CSS optimization is the process of minimizing your markup and CSS files for maximum speed. You can employ some of the same techniques to optimize CSS that you learned in Chapter 3, "HTML Optimization." Whitespace removal, cutting comments, crunching color values, and embedding code with SSI are some of the techniques common to both CSS and HTML optimization. CSS gives you more flexibility than HTML or XHTML, however, because you can make up your own names and group rules together to save space.

You'll reap the greatest rewards by using CSS to transform your code into a more rule-based modus operandi. Converting old-style table/font layouts into XHTML/CSS-style code typically saves 25 to 50 percent off file sizes and gives you the benefits of adaptable structure and separate presentation. You can use layering and inheritance to save space and increase compatibility, and use shorthand properties to shrink your CSS code by up to 50 percent. This chapter gives you the tools you need to optimize your CSS.

Figures

Code Listings

  • Listing 7.1 - Four Ways to Apply Styles - Piet Mondrian's Home Page

Summary

Use CSS to strip presentation out of your (X)HTML. To optimize your CSS group external files to minimize HTTP requests, remove whitespace, and use shorthand properties. Group common declarations, selectors, and CSS code in multiple classes to save space. Use the simplest selectors you can, high in the document tree and let them cascade. Be as vague and as abstract as possible in your CSS selectors.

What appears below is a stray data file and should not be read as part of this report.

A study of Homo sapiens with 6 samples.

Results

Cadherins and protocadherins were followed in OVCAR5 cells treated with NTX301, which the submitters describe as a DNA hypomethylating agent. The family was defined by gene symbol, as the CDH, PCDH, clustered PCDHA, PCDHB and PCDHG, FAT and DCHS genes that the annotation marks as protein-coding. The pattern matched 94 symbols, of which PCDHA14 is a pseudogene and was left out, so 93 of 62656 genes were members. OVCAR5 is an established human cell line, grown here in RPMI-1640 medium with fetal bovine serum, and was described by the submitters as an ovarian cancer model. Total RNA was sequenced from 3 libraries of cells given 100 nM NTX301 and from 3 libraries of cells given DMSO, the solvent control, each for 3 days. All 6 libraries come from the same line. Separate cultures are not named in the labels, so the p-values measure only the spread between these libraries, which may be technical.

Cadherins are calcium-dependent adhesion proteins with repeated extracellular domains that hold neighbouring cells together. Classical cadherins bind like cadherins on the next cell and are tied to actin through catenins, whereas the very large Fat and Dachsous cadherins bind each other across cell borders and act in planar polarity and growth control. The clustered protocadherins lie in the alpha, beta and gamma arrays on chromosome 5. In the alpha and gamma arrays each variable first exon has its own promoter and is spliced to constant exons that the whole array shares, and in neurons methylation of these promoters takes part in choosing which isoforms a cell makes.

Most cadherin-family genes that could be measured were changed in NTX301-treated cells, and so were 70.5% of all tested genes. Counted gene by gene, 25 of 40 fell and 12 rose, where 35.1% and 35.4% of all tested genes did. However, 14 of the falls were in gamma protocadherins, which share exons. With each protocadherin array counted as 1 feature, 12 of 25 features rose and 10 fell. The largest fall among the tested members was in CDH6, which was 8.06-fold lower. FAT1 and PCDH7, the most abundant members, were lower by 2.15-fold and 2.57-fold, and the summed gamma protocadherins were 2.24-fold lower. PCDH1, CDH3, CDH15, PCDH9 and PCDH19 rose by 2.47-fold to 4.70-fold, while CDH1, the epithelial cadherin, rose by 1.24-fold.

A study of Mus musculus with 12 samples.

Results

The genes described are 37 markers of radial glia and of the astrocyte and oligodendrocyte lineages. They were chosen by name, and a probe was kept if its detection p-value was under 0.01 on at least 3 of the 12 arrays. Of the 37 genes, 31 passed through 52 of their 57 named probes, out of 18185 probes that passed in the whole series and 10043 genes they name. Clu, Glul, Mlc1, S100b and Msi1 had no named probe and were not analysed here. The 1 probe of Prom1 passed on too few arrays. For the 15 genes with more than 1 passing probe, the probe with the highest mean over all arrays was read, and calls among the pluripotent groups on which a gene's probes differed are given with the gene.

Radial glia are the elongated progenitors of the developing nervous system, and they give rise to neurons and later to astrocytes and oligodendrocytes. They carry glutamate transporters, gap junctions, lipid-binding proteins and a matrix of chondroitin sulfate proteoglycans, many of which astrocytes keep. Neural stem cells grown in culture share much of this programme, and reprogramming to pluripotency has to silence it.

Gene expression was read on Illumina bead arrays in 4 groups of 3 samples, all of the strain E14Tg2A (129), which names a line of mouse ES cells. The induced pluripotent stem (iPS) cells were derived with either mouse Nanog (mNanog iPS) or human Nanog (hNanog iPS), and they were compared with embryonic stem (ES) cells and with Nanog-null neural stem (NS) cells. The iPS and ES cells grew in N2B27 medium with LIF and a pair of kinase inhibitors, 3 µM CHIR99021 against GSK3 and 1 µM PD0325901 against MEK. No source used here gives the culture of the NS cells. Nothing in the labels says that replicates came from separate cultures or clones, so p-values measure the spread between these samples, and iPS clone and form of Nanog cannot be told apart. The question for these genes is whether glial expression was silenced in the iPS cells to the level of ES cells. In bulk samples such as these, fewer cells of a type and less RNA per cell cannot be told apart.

• Embed or SSI abbreviated styles for maximum speed.
  • Minimize HTTP requests by grouping external CSS files.
  • Link to external style sheets site-wide to cache in.
  • Layer style sheets for speed. Use cascading to combine linked, alternate, and imported style sheets to layer your presentation for older browsers and alternate media (print), and to save bandwidth.
  • Group selectors with the same declarations and declarations with the same selectors.
  • Use simple selectors high in the document tree to set global and element-wide styles (that is, type styles like body, h1, p, and dt).
  • Use descendant selectors to get specific without class or id selectors.
  • Take advantage of your inheritance - don't overspecify CSS; let it flow down the document tree.
  • Use multiple classes to group common style declarations to save space.
  • Use value replication on the border, padding, and margin properties.
  • Use shorthand hex colors (such as #00f).
  • Use shorthand properties to optimize your CSS (including font, background, margin, and border).
  • Use short class and id names.
  • Use shorthand hexadecimal colors or names, whichever is shorter.
  • Use relative lengths for maximum flexibility.
  • Remove whitespace.
  • Cut the comments.

Further Reading

Cascading Style Sheets, level 2 CSS2 Specification
The CSS specification, from the W3C. By Bert Bos et al.
CSS Home Page
From the W3C
CSS Support Charts
Eric Meyer. The master CSS reference grid.